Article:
PG's Shawn Hammond is On Location at the 2010 NY Amp Show where he visits a room shared by Audio Kitchen and Probett Guitars. In this segment, we get to hear and see the Probett Rapide and Audio Kitchen Big Chopper in action. The first in a line of Audio Kitchen's amplifiers, the Little Chopper was created on a need to record with a small amp that still produced AC30-type tones at a sensible volume. It comes with ECC81 and ECC83 preamp tubes and an EL84 power tube. The head can be housed by an exposed wood enclosure or with standard tolex. The controls include Gain, Bottom, Middle, Top, Stack, and Power. Also, it has Brite and Hi switches. Audio Kitchen's two-channel Big Chopper is the bigger, bulkier brother to the Little Chopper. The first channel controls are Gain, Bottom, Middle, Top, Stack, and the second channel controls are Gain, Bottom, and Top. It has a Power control for both channels. The Power when turned full clockwise it behaves like a standard non-master volume amp, but as the continuously variable control is wound counterclockwise, it decreases the headroom of the power amp, introducing harmonic distortion in the power amp and reducing the volume. This particular model is currently in the studio with Kings of Leon lead guitarist Matt Followill. Look closely and you can see a few switches with Matt's name on them as they are his preferred tones/settings. Damian of Probett Guitars describes his models his twisted take on a few of the classics. All of Probett's guitars are named after vintage European motorcycles. The first is the 25.5" scale International H, with a single-chamber body, under-wound Lollar '50s P-90s and Hipshot trem. The other two models are variations on the Rapide 5.9. The one in the center has a solid carved Honduran mahogany body, Lollar P-90s, a Les Paul-style neck joint and scale length. The other Rapide 5.9 has a Honduran mahogany body, but with a carved maple top, and Häussel humbuckers.



PG's Shawn Hammond is On Location at the 2010 NY Amp Show where he visits a room shared by Audio Kitchen and Probett Guitars. In this segment, we get to hear and see the Probett Rapide and Audio Kitchen Big Chopper in action.

The first in a line of Audio Kitchen's amplifiers, the Little Chopper was created on a need to record with a small amp that still produced AC30-type tones at a sensible volume. It comes with ECC81 and ECC83 preamp tubes and an EL84 power tube. The head can be housed by an exposed wood enclosure or with standard tolex. The controls include Gain, Bottom, Middle, Top, Stack, and Power. Also, it has Brite and Hi switches.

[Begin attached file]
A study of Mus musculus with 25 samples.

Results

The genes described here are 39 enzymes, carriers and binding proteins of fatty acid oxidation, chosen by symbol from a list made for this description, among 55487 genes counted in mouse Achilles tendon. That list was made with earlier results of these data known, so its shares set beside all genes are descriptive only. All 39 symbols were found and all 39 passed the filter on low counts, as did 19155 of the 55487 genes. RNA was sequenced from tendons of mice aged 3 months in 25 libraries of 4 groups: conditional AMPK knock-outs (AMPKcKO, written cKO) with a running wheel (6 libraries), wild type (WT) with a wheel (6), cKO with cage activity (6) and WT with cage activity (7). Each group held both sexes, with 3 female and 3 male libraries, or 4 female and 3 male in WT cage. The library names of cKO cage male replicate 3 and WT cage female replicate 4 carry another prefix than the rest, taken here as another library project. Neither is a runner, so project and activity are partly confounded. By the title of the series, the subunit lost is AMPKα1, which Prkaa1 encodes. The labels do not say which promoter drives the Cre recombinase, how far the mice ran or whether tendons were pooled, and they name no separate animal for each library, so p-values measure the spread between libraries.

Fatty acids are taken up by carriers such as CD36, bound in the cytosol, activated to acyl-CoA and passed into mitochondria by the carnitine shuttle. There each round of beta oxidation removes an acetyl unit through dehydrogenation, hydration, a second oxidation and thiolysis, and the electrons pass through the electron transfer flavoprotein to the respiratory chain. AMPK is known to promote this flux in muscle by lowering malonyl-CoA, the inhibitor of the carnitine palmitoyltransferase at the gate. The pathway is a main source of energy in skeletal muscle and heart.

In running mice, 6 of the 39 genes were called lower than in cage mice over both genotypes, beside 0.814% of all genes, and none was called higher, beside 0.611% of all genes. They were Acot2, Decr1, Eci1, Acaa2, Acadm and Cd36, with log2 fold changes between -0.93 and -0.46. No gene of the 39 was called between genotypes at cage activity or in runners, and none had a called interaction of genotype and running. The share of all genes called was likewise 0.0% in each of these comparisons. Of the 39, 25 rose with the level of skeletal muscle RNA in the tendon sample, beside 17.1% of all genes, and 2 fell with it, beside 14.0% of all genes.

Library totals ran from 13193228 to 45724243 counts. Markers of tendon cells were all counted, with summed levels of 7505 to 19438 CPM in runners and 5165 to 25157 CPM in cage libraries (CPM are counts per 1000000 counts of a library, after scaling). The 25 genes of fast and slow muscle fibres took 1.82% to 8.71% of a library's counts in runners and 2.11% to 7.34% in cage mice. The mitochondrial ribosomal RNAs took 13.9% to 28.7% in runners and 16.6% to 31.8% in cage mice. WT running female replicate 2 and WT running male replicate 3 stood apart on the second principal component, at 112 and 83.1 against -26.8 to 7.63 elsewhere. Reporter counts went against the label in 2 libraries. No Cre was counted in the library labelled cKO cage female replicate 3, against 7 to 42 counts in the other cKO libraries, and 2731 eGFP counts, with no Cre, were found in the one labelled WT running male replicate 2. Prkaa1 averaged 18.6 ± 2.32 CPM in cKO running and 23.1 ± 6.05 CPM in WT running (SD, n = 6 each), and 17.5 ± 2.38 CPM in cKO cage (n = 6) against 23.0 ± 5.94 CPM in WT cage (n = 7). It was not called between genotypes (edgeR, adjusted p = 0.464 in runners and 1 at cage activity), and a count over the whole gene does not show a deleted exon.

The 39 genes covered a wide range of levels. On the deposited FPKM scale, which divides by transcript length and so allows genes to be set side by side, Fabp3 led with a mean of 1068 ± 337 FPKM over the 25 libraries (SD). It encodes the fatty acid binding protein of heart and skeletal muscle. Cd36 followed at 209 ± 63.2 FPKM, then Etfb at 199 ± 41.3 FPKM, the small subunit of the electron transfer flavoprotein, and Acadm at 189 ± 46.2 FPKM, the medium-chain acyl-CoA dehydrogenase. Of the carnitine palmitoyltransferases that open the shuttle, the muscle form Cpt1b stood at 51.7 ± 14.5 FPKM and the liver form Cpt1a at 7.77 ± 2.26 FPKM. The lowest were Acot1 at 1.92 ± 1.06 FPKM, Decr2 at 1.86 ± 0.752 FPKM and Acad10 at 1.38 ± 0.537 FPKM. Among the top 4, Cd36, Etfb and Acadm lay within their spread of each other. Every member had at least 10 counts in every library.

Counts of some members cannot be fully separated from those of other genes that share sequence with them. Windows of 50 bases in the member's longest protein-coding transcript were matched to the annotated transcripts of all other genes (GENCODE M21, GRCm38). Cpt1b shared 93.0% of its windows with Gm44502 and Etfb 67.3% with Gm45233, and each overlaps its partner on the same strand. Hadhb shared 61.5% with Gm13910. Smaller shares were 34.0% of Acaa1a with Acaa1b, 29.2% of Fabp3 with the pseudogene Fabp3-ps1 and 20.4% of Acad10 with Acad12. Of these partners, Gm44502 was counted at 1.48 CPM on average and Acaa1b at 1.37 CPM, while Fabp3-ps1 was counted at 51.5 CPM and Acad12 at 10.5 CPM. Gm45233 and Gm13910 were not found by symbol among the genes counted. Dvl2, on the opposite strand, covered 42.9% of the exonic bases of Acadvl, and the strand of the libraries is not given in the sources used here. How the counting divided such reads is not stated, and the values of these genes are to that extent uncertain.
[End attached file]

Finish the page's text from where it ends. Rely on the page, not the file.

Audio Kitchen's two-channel Big Chopper is the bigger, bulkier brother to the Little Chopper. The first channel controls are Gain, Bottom, Middle, Top, Stack, and the second channel controls are Gain, Bottom, and Top. It has a Power control for both channels. The Power when turned full clockwise it behaves like a standard non-master volume amp, but as the continuously variable control is wound counterclockwise, it decreases the headroom of the power amp, introducing harmonic distortion in the power amp and reducing the volume. This particular model is currently in the studio with Kings of Leon lead guitarist Matt Followill. Look closely and you can see a few switches with Matt's name on them as they are his preferred tones/settings.

Damian of Probett Guitars describes his models his twisted take on a few of the classics. All of Probett's guitars are named after vintage European motorcycles. The first is the 25.5" scale International H, with a single-chamber body, under-wound Lollar '50s P-90s and Hipshot trem. The other two models are variations on the Rapide 5.9. The one in the center has a solid carved Honduran mahogany body, Lollar P-90s, a Les Paul-style neck joint and scale length. The other Rapide 5.9 has a Honduran mahogany body, but with a carved maple top, and Häussel humbuckers.
Photo by cottonbro

Intermediate

Intermediate

  • Demonstrate a variety of drone guitar techniques and approaches.
  • Examine drone points of reference from an array of genres.
  • Learn how to use standard, drop D, and uncommon alternate tunings in drone contexts.

Playing a melody or solo with a “drone” means playing over just one note or, in some instances, one chord. Besides playing without any harmonic accompaniment, it is about as simple a concept as one can image, which also means the possibilities are endless. We’ll look at ways to use drones in a variety of contexts, from ancient to contemporary, blues to metal, traditional to experimental.


Marty Stuart

Submit your own artist pick collections to rebecca@premierguitar.com for inclusion in a future gallery.

How does a legacy artist stay on top of his game? The pianist, hit singer-songwriter, producer, and composer talks about the importance of musical growth and positive affirmation; his love for angular melodicism; playing jazz, pop, classical, bluegrass, jam, and soundtrack music; and collaborating with his favorite guitarists, including Pat Metheny and Jerry Garcia.